Ok so please bear with me here and what is almost certainly a really stupid question, partly because I don't quite know how to ask it.
When you have a wheel such as one attached to a car, a torque is applied to it from the engine. It's my understanding that the wheel would slide over the road and the car would not move if it were not for static friction which is of course the concept of rolling without slipping.
The problems I am having is when I consider what the magnitude of the force exerted on the road from the wheel would be, or specifically the equal and opposite force exerted back onto the wheel from the road via static friction. The reason for this is because I want to say that it is just the torque exerted on the wheel by the engine divided by the radius of the wheel but that seems to lead to a ridiculous conclusion. If I follow that logic, then the equal and opposite force exerted on the wheel by the road, multiplied by the radius of the wheel to get the counter-torque, is equal to the torque exerted on the wheel by the engine but in the opposite direction. That of course would mean that there is no net torque and the wheels would never move (unless the force were greater than that available from static friction but then it would just slip) which means that the car would never be able to move! So simply put, what am I missing that is almost certainly staring me in the face (again)? Clearly things roll and cars move so I know i'm going horribly and embarrassingly wrong somewhere.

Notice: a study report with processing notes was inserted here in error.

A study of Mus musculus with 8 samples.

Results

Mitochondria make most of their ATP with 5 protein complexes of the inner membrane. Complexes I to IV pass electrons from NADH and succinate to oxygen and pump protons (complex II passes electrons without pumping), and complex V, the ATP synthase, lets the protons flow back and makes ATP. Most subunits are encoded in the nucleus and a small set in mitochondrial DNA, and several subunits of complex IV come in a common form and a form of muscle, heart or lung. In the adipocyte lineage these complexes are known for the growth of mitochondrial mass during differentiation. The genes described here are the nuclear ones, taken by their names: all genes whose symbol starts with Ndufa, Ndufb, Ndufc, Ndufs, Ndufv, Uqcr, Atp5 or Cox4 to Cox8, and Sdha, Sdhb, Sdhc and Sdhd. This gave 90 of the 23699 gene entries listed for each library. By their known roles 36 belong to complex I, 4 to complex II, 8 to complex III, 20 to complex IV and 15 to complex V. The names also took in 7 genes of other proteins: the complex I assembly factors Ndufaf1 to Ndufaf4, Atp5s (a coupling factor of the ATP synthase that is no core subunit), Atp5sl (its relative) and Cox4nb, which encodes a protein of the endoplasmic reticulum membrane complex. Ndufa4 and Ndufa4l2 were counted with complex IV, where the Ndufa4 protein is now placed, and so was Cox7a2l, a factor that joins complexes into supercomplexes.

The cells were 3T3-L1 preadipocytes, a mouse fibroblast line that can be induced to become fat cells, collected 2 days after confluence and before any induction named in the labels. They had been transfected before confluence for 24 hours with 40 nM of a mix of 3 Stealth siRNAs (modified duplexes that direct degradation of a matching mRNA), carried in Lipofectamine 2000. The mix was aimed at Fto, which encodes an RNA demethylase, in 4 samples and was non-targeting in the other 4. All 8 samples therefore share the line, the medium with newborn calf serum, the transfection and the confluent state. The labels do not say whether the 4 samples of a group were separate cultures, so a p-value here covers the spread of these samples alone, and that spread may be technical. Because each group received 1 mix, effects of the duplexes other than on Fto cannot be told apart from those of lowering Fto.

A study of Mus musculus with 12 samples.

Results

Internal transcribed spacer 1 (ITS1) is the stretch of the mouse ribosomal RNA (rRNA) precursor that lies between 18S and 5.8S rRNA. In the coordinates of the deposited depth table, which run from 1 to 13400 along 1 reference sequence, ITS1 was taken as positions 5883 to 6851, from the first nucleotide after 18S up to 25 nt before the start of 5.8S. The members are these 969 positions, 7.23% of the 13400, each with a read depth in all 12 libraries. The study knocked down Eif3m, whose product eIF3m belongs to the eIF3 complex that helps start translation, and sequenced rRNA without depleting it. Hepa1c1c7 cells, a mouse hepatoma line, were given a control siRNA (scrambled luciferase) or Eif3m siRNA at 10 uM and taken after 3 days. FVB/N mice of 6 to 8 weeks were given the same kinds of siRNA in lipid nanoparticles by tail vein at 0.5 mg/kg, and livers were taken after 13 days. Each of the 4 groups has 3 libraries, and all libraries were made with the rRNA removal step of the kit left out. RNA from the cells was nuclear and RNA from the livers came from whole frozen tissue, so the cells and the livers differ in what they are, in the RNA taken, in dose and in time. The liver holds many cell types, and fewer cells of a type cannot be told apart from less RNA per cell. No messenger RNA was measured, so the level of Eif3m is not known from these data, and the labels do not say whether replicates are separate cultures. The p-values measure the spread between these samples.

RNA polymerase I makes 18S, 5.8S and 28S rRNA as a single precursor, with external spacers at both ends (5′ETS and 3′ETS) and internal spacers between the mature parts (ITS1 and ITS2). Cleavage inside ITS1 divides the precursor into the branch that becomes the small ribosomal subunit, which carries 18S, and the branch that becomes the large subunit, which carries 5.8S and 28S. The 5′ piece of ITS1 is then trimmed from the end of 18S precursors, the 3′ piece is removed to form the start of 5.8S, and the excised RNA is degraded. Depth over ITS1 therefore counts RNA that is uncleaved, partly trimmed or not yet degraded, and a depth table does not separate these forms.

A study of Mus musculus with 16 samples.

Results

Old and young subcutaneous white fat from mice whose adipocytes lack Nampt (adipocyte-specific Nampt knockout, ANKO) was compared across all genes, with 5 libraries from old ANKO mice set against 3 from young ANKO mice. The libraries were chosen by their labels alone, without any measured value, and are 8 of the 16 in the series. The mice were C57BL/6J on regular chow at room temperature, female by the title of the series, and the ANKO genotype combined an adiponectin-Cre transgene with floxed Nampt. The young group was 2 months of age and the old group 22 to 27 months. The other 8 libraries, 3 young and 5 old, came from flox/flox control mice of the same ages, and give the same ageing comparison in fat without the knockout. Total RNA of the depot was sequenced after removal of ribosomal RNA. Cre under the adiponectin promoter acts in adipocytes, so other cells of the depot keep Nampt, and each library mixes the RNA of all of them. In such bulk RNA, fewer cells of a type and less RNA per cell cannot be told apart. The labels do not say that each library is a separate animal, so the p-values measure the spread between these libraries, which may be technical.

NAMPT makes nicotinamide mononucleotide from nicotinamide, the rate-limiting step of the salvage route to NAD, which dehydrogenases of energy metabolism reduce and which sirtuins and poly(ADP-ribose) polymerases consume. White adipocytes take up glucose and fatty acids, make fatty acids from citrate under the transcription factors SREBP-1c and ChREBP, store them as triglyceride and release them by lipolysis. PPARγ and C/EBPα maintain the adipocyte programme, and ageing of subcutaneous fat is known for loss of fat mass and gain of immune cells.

Also, I often hear people say that static friction is the force responsible for propelling a car forward. How is that the case when it acts in the direction opposite to the direction that the wheels are trying to roll? That's sort of the same question but I think it may help highlight my misunderstandings of rotational motion in this area.
I never knew wheels could be so complicated! At least for me anyway.